It was never meant to be the way it is now. The stark, concrete recreational facility sits fenced in at approximately 107th Street just east of the center of the park. It’s an eye-sore surrounded by some of the most significant and impressively designed naturalistic landscapes in the world. A problem from the time of its construction, the crudely constructed building will soon be a thing of the past. It serves as a swimming pool in the summer and an ice skating rink in the winter and was named after Loula D. Lasker, whose foundation gave $500,000 to New York City in 1961 to put toward a recreational facility that ultimately cost about $2,050,0000. The new facility replaced a section of Harlem Meer where people traditionally swam and skated. The thinking was that it would only disturb the landscape of Central Park minimally.
Instead, a park that was designed to be a respite from the crowded city, began to feel more like the places people go to the park to avoid. The facility would eventually become plagued by long-lines at entry as it requires all guests to show they’ve brought a lock to protect their belongings. It’s an ironic move as the locker-rooms haven’t been updated in years and many of the lockers won’t even close. The showers and toilets aren’t particularly pleasant to use either, but the problems continue beyond the experience of attendance. The site has suffered from flooding due to drainage problems present since its initial construction. Furthermore, it tainted one of the park’s greatest landscape sequences, a series of pathways following a natural stream that wind from 101st Street and Central Park West up to Harlem Meer in the northeast corner of the park.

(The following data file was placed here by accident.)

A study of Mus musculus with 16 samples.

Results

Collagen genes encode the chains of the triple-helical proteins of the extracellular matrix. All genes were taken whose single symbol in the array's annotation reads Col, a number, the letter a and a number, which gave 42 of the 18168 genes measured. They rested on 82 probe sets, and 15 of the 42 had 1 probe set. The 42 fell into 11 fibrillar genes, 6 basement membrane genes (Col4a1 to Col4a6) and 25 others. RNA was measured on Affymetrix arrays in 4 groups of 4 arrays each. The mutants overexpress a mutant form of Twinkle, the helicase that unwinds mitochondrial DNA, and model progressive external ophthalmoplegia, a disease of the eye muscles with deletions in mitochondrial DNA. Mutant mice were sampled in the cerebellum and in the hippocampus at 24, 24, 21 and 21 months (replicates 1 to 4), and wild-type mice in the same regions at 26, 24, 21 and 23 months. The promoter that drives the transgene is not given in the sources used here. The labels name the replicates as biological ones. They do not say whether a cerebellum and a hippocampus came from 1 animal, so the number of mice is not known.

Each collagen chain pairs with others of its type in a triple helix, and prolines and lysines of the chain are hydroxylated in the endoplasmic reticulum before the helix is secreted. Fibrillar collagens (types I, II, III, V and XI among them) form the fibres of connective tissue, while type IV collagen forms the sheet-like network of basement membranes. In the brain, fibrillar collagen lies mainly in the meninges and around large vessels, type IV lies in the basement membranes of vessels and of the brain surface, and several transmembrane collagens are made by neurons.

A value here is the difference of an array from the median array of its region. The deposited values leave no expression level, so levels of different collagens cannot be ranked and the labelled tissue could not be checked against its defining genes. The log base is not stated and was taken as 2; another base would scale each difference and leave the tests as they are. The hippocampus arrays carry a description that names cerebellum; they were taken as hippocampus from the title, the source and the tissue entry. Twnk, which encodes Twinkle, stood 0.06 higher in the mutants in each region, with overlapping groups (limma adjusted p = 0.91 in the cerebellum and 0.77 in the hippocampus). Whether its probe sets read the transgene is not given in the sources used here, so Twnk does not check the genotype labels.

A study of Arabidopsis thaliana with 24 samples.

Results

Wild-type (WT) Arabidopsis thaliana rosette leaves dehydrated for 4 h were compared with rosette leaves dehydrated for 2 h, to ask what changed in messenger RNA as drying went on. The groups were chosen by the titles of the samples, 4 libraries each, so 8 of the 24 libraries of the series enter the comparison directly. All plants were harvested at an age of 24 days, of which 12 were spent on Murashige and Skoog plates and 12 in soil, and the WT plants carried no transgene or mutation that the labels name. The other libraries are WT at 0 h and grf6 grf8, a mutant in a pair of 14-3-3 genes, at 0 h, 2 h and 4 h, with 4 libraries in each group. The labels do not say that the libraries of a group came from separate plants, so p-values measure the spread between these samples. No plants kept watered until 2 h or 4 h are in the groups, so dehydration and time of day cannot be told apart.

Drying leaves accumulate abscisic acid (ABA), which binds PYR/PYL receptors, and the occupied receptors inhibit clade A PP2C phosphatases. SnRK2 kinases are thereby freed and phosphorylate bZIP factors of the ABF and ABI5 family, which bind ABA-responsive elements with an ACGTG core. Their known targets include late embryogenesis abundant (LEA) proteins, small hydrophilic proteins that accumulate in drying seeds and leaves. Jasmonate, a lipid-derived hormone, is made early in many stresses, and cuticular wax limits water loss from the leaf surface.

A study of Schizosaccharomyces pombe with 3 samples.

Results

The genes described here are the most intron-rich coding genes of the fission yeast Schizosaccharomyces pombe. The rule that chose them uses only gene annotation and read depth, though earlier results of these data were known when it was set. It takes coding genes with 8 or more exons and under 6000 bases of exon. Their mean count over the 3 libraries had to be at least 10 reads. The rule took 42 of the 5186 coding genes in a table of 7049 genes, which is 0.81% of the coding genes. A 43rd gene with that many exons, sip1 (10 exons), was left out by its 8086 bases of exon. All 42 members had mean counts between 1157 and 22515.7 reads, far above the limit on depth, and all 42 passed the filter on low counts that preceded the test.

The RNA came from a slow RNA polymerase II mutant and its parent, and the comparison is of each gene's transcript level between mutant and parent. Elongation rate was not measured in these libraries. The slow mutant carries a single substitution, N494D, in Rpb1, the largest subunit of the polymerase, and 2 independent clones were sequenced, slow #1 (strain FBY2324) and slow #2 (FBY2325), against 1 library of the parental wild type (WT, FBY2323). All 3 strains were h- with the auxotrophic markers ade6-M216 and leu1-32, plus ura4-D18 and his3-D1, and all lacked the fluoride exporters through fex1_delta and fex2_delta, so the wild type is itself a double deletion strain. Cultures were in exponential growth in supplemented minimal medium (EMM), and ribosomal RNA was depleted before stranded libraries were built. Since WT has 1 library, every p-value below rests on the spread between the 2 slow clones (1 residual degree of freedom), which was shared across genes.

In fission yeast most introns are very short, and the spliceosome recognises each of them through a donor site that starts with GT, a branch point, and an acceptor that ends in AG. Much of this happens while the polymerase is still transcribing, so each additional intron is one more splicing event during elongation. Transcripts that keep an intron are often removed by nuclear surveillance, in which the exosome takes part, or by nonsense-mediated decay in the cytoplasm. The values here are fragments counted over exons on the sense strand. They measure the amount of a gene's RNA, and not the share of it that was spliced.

The Pool, which is not a swimming pool but one of the most intimate bodies of water in the park, was created when designers Olmstead and Vaux decided to dam Montayne’s Rivulet, one of New York’s original streams. They sent the water northeast through via the Loch, a waterway that pools before traveling on through the North Woods. This area is called the Ravine and its landscapes were meant to unfold for a person walking through the park as if they were watching a movie. Change in elevation, twists and turns in the path, and two arches, Glen Span Arch and Huddlestone arch, act as dividers between scenes of woodlands and bodies of water. Originally this went all the way to Harlem Meer but the construction of Lasker Rink and Pool changed all of that.
Fortunately, The Central Park Conservancy and The City of New York are partnering together to fix everything. Not only will they be building a new facility for skating and swimming that doesn’t flood (and hopefully has decent locker rooms), they’ll be restoring The Ravine walk that the original structure interupted.
The Conservancy will raise $100 million for the project and the city will raise an additional $50 million – note the increase in construction costs from the 1960s. This exciting project truly balances the needs of today’s park-goers with the original intention of the landscape and the Conservancy is to be congratulated on getting it so very right. Expect to see the new pool/rink, and landscape completed by 2021.
If you’d like a tour of The Ravine, Harlem Meer and the surrounding areas, why not book a private tour of Central Park?